Moscow’s retaliatory trade sanctions have sparked a joint initiative between the state and food industry in Norway to identify substitute export markets.
Russia is Norway’s biggest market for fish and seafood products. Norway exported 300,000 tonnes of mainly salmon, trout and pelagic fish, valued at NOK6.8bn (US$1.11bn), in 2013. In the same year, Norway had total seafood exports of NOK61bn.
The country has only a marginal export trade in dairy and meat food products to Russia. Non-fish food exports ran to under NOK1bn in 2013.
Norway claims it has been “hit hard” by the sanctions. However, seafood industry representatives believe they can find other markets for their products.
“Sanctions will hurt the fish industry. However, this will be short-term as there is strong global demand, especially for salmon. Norwegian producers will have little trouble finding alternative markets,” said Paul Aandahl, a senior analyst with the Norges Sjømatråd, the Norwegian seafood council.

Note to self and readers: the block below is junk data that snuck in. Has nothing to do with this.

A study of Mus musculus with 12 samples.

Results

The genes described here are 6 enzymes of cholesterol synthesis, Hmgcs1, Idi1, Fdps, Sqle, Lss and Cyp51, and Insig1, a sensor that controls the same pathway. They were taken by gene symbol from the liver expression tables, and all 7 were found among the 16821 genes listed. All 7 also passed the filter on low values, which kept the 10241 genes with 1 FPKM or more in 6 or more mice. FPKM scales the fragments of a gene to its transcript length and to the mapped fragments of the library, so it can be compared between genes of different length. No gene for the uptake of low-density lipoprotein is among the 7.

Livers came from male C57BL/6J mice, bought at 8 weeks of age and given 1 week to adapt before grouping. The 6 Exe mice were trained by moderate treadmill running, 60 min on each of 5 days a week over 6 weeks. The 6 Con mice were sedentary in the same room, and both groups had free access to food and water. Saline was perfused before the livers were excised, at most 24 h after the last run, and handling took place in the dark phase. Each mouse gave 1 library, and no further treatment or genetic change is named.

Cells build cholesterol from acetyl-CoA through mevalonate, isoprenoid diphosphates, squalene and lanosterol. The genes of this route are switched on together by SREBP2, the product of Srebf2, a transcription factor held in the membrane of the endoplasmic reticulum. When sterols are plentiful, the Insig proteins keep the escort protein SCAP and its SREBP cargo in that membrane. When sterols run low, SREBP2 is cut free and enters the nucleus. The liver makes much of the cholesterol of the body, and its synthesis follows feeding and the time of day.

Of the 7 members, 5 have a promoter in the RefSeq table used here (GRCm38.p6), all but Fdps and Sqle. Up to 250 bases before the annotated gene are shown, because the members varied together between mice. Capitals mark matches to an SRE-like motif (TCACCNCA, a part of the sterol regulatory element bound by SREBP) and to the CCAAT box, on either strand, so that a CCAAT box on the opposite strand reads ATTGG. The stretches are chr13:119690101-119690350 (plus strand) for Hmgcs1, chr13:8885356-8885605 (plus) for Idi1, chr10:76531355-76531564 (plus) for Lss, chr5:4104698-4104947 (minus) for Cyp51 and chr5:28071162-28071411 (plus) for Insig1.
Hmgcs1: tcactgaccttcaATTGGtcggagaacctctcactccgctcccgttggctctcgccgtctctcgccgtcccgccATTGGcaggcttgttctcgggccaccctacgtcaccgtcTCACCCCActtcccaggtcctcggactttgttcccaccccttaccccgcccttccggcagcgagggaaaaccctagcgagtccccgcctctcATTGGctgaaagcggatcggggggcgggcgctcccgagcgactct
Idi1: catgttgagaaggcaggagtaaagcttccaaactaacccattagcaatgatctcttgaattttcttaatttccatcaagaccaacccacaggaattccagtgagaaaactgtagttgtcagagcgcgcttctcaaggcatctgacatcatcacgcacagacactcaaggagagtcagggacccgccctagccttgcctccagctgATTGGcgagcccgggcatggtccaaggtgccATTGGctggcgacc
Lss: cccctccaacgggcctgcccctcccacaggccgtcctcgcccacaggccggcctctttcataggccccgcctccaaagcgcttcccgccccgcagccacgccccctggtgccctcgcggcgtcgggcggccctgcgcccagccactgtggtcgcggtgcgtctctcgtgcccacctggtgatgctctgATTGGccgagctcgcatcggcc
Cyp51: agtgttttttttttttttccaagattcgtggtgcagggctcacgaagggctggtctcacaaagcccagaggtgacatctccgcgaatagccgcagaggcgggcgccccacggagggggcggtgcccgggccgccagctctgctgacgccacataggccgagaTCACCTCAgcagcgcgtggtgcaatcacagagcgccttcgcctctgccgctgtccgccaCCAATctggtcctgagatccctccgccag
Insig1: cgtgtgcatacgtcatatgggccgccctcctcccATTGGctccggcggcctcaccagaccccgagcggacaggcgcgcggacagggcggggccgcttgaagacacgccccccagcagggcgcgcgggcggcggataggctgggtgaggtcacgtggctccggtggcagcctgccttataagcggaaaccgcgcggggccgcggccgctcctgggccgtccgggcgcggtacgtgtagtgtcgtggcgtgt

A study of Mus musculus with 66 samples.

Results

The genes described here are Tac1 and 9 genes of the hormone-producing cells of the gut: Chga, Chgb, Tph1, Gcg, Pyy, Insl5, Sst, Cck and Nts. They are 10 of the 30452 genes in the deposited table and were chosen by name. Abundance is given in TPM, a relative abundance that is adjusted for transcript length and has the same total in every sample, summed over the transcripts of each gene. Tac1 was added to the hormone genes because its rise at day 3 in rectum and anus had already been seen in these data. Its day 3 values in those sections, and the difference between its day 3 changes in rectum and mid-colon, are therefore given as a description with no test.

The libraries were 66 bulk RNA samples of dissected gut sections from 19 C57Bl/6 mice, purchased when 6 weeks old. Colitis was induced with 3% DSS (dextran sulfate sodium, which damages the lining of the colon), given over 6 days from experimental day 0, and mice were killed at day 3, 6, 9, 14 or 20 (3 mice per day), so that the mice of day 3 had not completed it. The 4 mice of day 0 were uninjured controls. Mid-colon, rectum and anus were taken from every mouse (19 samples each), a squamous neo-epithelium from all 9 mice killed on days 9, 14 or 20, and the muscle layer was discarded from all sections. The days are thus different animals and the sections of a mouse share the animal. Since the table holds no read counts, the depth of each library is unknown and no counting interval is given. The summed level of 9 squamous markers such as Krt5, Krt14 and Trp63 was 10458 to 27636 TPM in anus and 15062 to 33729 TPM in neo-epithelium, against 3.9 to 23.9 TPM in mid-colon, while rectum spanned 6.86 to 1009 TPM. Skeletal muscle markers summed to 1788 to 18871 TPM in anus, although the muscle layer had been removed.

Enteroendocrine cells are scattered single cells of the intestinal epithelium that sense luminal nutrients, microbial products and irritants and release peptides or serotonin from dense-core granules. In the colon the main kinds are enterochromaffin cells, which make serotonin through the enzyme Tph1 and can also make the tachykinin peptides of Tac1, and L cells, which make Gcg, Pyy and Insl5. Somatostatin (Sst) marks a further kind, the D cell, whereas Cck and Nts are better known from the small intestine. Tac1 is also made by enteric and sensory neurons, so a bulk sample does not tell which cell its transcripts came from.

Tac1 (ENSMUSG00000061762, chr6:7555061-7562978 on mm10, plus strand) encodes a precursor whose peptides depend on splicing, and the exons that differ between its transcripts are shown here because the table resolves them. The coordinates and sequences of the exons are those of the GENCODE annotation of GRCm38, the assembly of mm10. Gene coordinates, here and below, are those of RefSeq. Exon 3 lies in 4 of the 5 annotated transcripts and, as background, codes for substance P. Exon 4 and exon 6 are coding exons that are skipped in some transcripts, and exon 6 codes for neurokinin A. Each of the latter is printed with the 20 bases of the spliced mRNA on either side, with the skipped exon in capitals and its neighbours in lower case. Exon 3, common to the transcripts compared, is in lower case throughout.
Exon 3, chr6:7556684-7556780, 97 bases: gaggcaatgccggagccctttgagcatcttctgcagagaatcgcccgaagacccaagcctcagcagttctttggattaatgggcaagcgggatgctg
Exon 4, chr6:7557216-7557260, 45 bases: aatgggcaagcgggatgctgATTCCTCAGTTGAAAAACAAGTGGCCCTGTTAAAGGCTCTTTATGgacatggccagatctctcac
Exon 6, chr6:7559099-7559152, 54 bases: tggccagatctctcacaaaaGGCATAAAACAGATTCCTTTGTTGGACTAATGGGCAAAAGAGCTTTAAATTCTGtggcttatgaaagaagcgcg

Processor Pelagia is the biggest Norwegian exporter of herring to Russia, with sales worth NOK400m in 2013.
“We had seen signs that Russian demand was falling and trading conditions more difficult six months ago. We will cope well. We have both experience and success exporting to markets other than Russia,” Haugstad said.
Some analysts expect EU-Russian sanctions to be short-lived. Danske Bank predicts the EU will lift sanctions on Russia in one to three months, with Moscow responding with an end to the ban on foods.
“Neither side has the appetite to start a trade war. Both would find this situation unbearable,” said Danske Bank chief analyst Thomas Harr.